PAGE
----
Last week, after David Suzuki warned pipelines would be “blown up” if politicians failed to take action on climate change, critics were quick to frame the celebrated Canadian environmentalist as a gangster, a security threat, even an eco-terrorist.
This week, a new film, What You Won’t Do For Love, paints a different picture of Suzuki: loving husband, compelling storyteller and, for the first time ever, professional actor.
The movie, produced by Toronto’s Why Not Theatre in partnership with TO Live and Soulpepper, stars Suzuki and his wife, Tara Cullis, as themselves. Through a series of conversations with a young couple — real-life partners Miriam Fernandes and Sturla Alvsvaag — Suzuki and Cullis recall the first time they met, reminisce about their adventures in the Amazon and reflect on their undying dedication to the planet. What would happen, they ask, if we all loved the Earth as much as we love our spouses, our parents, our children?
What You Won’t Do For Love is a departure from Suzuki’s usual style, swapping his trademark scientific exposition for tender dialogue. Its emphasis on script over special effects is a product of the fact that it began not as a film but as a play.
Several years ago, director Ravi Jain, an award-winning theatre artist in Toronto, adapted Seasick, journalist Alanna Mitchell’s book about the deterioration of the Earth’s oceans, into a one-woman show. The experience proved theatre could be a weapon in the climate crisis. “We’re all facing this impossible task, and I don’t know what the hell we’re supposed to do,” says Jain. “But I’m good at telling stories. I felt, if I could make one contribution, that would be it.”
After Seasick, Jain approached Suzuki about starring in Life of Galileo, a play about a brilliant scientist and a society that refuses to listen to him.
“It was intriguing,” says Suzuki, who had never acted before. “What Galileo was saying was so outrageous to the collective society. He was a very courageous guy. In many ways, environmentalists who have been speaking out for the past 30 years are in the same position.”
But Suzuki demurred. He worried he’d never be able to memorize his lines. “I have enough trouble memorizing pieces for The Nature of Things,” he says. “A whole play, I couldn’t even imagine.”
A year later, however, Jain and Suzuki met for coffee in Toronto. The get-together was supposed to last 30 minutes. They ended up chatting for two hours and came up with an informal plan to tell Suzuki’s story on stage — on one condition: Suzuki’s wife, Cullis, would have to be involved. “I thought for sure she would turn it down,” Suzuki says with a laugh. But Cullis — a former Harvard professor, writer and environmentalist — loved the idea.
David Suzuki stars in a new film that asks: What if we loved the planet as much as we love our families?
Jain and Fernandes spent nearly three weeks with Suzuki and Cullis at their home in British Columbia learning about their lives and flipping through old photo albums. “It was a delightful process,” says Suzuki. “All we did was talk about ourselves. Who doesn’t like talking about themselves?”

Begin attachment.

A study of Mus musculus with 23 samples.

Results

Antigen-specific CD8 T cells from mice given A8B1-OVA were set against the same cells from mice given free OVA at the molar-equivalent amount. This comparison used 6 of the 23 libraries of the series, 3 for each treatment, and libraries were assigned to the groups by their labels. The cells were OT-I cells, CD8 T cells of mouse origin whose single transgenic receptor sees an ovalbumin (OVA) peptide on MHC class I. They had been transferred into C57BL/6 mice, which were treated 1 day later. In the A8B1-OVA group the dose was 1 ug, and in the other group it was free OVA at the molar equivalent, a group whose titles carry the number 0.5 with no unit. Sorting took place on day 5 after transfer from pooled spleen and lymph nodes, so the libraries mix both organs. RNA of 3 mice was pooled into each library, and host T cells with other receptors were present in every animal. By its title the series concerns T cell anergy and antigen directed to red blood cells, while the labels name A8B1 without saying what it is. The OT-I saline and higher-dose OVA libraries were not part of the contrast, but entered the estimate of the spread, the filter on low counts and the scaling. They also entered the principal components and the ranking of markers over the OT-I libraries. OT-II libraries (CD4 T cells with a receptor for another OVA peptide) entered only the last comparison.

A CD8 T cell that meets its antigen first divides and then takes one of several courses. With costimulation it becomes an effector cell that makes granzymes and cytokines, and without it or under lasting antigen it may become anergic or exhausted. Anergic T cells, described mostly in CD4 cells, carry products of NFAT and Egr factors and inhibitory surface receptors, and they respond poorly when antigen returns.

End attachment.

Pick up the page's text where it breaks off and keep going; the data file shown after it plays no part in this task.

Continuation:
Jain was especially enthralled by Suzuki’s sense of humour. When Jain told him it could take three years to finish the play, Suzuki deadpanned, “You better hurry up. I’m 82 and I’m going to die soon.”
Jain and Fernandes distilled the conversations into a true-to-life production that gleefully breaks the fourth wall. The actors read from scripts and acknowledge, mid-play, that they are creating a play. The approach favours honesty over artifice. “The thing that I really wanted to communicate to the audience is what it’s like to spend time with these two people,” says Jain.
When the team premiered the production in Vancouver in February 2020, it became clear that the star of the show was not Suzuki, the celebrity scientist, but Cullis, the behind-the-scenes hero who came up with the idea for the David Suzuki Foundation and organized a trip that saved a swath of the Amazon from destruction.
“So much of what I do, she has been the force behind me, propping me up or sending me out, and she never gets recognition,” says Suzuki. After the show, he adds, “there was a lineup of women wanting to thank Tara. One woman was sobbing. She could hardly speak.”
As it turned out, that was the one and only live performance of What You Won’t Do For Love. The pandemic prevented the play from touring in March 2020, so Jain, who had never made a movie before, assembled a team to turn the show into a film.
In many ways, the story is well suited to cinema. The filmed conversations take place not on a stage but in a variety of intimate settings — in Suzuki and Cullis’ living room, around their dining table, in a backyard garden, and on a porch with a mountainous vista — that provide a glimpse into their lives.
What You Won’t Do For Love is available to stream online between Dec. 3 and 19.
Jain is eager to tour the live show to several Canadian cities in 2022. There’s just one hitch: in an effort to minimize their carbon footprint, Suzuki and Cullis no longer fly, so they’ll need to find another way to travel across the country.
Nobody said saving the world through theatre would be easy.